Protests On COVID-19 Restrictions And Vaccines Continue In The Netherlands, Despite Daily Infection Cases Reaches New Record
COVID-19 demonstration in Amsterdam, Netherlands. (Wikimedia Commons/BAMCorp)

JAKARTA - Thousands of protesters packed the streets of Amsterdam, Netherlands on Sunday, against government-imposed COVID-19 measures and a vaccination campaign as virus infections hit new records.

Authorities were authorized to stop and search at several locations across the city, with riot police cars patrolling the neighborhood where demonstrators lined up with yellow banners and umbrellas.

Anti-coronavirus protests are regularly held across the country, with large gatherings Sunday followed by farmers driving to the capital and parking tractors along the central Museum Square, citing Reuters Jan. 17.

Crowds played music, chanted anti-government slogans and then marched along the highway, blocking traffic. The Netherlands itself is known to have one of the toughest lockdowns in Europe for a month until the year-end holidays.

The daily COVID-19 infection figure hit another record high above 36,000 on Sunday, according to data published by the Dutch Institute of Health (RIVM). The Netherlands has recorded more than 3.5 million infections and 21,000 deaths since the start of the pandemic, citing Reuters January 17.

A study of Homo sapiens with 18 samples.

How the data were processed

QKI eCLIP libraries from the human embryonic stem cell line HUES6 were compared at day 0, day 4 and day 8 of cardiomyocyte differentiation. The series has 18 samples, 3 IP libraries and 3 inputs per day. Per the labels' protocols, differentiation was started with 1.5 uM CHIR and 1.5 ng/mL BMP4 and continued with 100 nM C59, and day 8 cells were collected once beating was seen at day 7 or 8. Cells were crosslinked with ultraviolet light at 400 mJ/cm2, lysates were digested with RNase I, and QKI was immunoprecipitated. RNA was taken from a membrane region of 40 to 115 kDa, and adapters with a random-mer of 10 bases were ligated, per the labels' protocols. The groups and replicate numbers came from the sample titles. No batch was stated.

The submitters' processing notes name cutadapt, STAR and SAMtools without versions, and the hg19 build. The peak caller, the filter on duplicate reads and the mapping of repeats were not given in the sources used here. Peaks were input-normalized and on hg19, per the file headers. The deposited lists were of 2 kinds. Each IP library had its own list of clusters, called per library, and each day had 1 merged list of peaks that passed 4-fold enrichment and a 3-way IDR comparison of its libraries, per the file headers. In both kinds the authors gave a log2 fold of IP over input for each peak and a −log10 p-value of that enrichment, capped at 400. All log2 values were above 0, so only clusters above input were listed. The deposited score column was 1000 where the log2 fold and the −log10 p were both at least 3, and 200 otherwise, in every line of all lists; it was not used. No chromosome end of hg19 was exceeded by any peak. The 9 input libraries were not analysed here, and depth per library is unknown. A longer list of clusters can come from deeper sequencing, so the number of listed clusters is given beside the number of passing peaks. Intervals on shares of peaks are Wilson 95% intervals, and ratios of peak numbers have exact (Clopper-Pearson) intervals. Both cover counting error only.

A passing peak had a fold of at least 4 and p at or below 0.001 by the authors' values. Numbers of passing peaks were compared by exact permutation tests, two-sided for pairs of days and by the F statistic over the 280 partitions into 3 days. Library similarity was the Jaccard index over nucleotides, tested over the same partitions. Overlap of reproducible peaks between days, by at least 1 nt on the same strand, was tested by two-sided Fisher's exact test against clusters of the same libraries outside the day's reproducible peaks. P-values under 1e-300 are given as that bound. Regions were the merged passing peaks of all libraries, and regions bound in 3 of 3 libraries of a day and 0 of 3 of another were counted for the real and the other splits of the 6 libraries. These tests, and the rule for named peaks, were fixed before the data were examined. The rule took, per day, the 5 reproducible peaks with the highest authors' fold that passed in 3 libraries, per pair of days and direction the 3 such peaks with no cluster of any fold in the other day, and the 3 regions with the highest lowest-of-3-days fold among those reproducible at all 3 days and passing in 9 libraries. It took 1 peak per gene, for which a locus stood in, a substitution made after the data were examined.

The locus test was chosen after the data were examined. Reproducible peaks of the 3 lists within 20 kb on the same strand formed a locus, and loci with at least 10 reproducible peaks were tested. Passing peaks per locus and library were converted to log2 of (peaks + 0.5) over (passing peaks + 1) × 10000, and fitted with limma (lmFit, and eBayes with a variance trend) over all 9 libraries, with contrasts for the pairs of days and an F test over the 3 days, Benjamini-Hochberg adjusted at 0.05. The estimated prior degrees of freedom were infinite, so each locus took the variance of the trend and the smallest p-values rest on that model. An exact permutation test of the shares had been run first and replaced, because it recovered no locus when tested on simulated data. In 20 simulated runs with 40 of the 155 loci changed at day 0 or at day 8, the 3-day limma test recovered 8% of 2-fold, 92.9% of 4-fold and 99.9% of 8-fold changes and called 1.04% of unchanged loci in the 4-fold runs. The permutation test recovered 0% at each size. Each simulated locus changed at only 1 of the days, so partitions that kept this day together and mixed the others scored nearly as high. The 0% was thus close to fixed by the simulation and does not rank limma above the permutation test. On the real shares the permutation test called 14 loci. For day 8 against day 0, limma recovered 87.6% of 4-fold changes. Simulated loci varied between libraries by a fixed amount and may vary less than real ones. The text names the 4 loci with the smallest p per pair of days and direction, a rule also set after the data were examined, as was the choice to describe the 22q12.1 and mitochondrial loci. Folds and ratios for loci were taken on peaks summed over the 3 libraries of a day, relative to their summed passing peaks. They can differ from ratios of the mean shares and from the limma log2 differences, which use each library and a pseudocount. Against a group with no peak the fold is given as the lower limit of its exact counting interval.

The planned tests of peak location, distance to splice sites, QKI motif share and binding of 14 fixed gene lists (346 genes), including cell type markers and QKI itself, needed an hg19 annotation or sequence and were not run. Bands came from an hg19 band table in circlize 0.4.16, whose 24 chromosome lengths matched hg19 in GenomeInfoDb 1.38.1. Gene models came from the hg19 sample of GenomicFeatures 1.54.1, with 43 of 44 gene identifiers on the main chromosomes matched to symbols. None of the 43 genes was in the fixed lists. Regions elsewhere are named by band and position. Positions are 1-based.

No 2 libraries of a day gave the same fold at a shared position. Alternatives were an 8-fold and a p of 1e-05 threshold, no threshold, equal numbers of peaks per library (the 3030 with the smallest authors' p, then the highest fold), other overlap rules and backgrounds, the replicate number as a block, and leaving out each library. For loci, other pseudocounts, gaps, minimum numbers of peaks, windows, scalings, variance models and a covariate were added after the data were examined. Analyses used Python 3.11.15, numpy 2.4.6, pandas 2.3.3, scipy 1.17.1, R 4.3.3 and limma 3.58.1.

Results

protes covid-19
Illustration of Police breaking up a COVID-19 protest in Amsterdam, Netherlands. (Wikimedia Commons/BAMCorp)

Amid growing public opposition, Prime Minister Mark Rutte on Friday announced the reopening of shops, hairdressers and gyms, partly lifting the lockdown despite the record number of new COVIC-19 cases.

Non-essential shops, hairdressers, beauty salons and other service providers were allowed to reopen on Saturday under strict conditions.

Bars, restaurants and cultural venues have been instructed to remain closed until at least January 25 due to uncertainty about how the Omicron surge will impact hospital capacity.

"We are taking a big step and that also means we are taking a big risk," Rutte said in a televised press conference on Friday last week.

PM Rutte added that uncertainty meant that bars, restaurants and cultural venues had to remain closed until at least January 25.

Earlier on Friday restaurants in one Dutch city reopened and another said they would open on Saturday, despite government plans as popular support for a month-long lockdown evaporated despite pressure on hospitals and record new infections.

"We are taking calculated risks because we have to. Lockdowns are very difficult for everyone and closing everything down is also bad for our health," said Health Minister Ernst Kuipers.

To note, the Rutte Government ordered the lockdown in mid-December, when a wave of Delta variants forced the health system to cancel all but the most urgent care. And, it seems that increasing cases of Omicron variants will overwhelm him.